Va. Tech Formally OKs Next Stage

Shown here is a rendering of the proposed developments at the West Falls Church metro station. Construction is anticipated to begin in 2023. (Photo: WMATA).

In a next step in the process of converting over 40 acres of land occupied by three important entities at the West Falls Church Metro station to a transformative mega-mixed use district, the Virginia Tech Board of Visitors at its quarterly meeting in Blacksburg Monday authorized the finalization of negotiations with the City of Falls Church that will clear the path for its next big phase of that plan.

Falls Church City Manager Wyatt Shields told the News-Press Tuesday that the step is a major move to bringing the integrated plan into being.

He said negotiations between Virginia Tech and the City will now proceed over the summer with a number of technical steps. It involves clarifying the disposition of the relationship between the two entities that began when the City back in 1992 agreed to lease the land to the school (and also the University of Virginia at that time) for $1 a year through 2035 so that a graduate center could be constructed and operated there, as it has been.

As the City’s 10 acres of land is cleared for a major mixed use project, including a 15-story senior housing project by Trammel Crow in its center that will be the tallest building in the City, and WMATA is advancing its planning for its acreage immediately adjacent the Metro station, the Virginia Tech component sandwiched between them is now being scheduled for repurposing as the headquarters of a new Virginia Tech “National Institute for Smart Construction.”

The land will go to that use, along with some residential units and a new headquarters for Hitt Contracting.

In a statement released from Blacksburg, Virginia Tech vice president and provost Cyril Clarke stated, “We have a long history in the City of Falls Church and we are excited about this new chapter. Virginia Tech will help create a world-class smart construction research center — and the community will benefit from a vibrant, mixed-use district that will transform the neighborhood.”

Plans for the redeveloped property include a new headquarters office building for Hitt Contracting and a Virginia Tech innovation lab dedicated to applied research and accelerating change in the built environment.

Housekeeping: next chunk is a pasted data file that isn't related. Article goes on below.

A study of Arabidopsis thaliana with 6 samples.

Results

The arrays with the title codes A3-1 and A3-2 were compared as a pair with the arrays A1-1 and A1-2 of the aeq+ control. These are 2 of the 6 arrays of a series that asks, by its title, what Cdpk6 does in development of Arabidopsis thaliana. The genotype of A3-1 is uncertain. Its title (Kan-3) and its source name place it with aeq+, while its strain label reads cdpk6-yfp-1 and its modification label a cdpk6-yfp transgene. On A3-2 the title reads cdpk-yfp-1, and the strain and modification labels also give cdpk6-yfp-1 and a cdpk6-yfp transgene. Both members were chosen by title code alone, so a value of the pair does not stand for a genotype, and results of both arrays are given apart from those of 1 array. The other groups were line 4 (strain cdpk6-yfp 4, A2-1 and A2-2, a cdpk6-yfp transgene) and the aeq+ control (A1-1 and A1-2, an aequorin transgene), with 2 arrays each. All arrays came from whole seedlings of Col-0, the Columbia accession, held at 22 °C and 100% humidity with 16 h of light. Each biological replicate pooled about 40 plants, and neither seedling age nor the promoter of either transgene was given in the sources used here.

In addition to Hitt’s offices and the innovation center, the property would include further mixed-use residential and retail development, ample parking, and continued road networks, as contemplated by Falls Church, Fairfax County, and Washington Metropolitan Area Transit Authority.

Central to the road network will be a boulevard that will run through the center of the three elements of the plan from Leesburg Pike to the Metro rail station that will be called Falls Church Station Boulevard.

According to Virginia Tech, “this plan provides improved neighborhood connectivity, walkability, and a vibrant setting for residents, office workers, and students, and will also include a smart mobility research test bed developed by the Virginia Tech Transportation Institute.”

The university’s statement cited Virginia Tech’s “vision for the greater Washington, D.C., area that focuses on the university’s growing strengths in clustered, thematic programs in artificial intelligence, cybersecurity, data analytics, business information technology, quantum computing, and other disciplines that will shape the way emerging technologies influence society.”

“It’s a strategy supported by the development of the Virginia Tech Innovation Campus in Alexandria, the creation of the new National Security Institute in Arlington, the development of the Academy of Data Science, the growing stature of Virginia Tech’s MBA and MIT programs, and the Falls Church center for advances in smart building.”

At its work session Monday, the Falls Church City Council reviewed the latest plan for the Trammel Crow senior housing building on its 10-acre parcel. The 15-story building has been changed from a brick facade to a more contemporary look, and will represent, by far, the tallest building in the Little City.

There will be 212 apartments there, including 132 for independent living, 58 for assisted living and 22 for memory care, along with 7,200 square feet of ground floor retail.

Final Council approval on that component of the overall 10-acre development is slated for August, with construction due to begin in May 2023.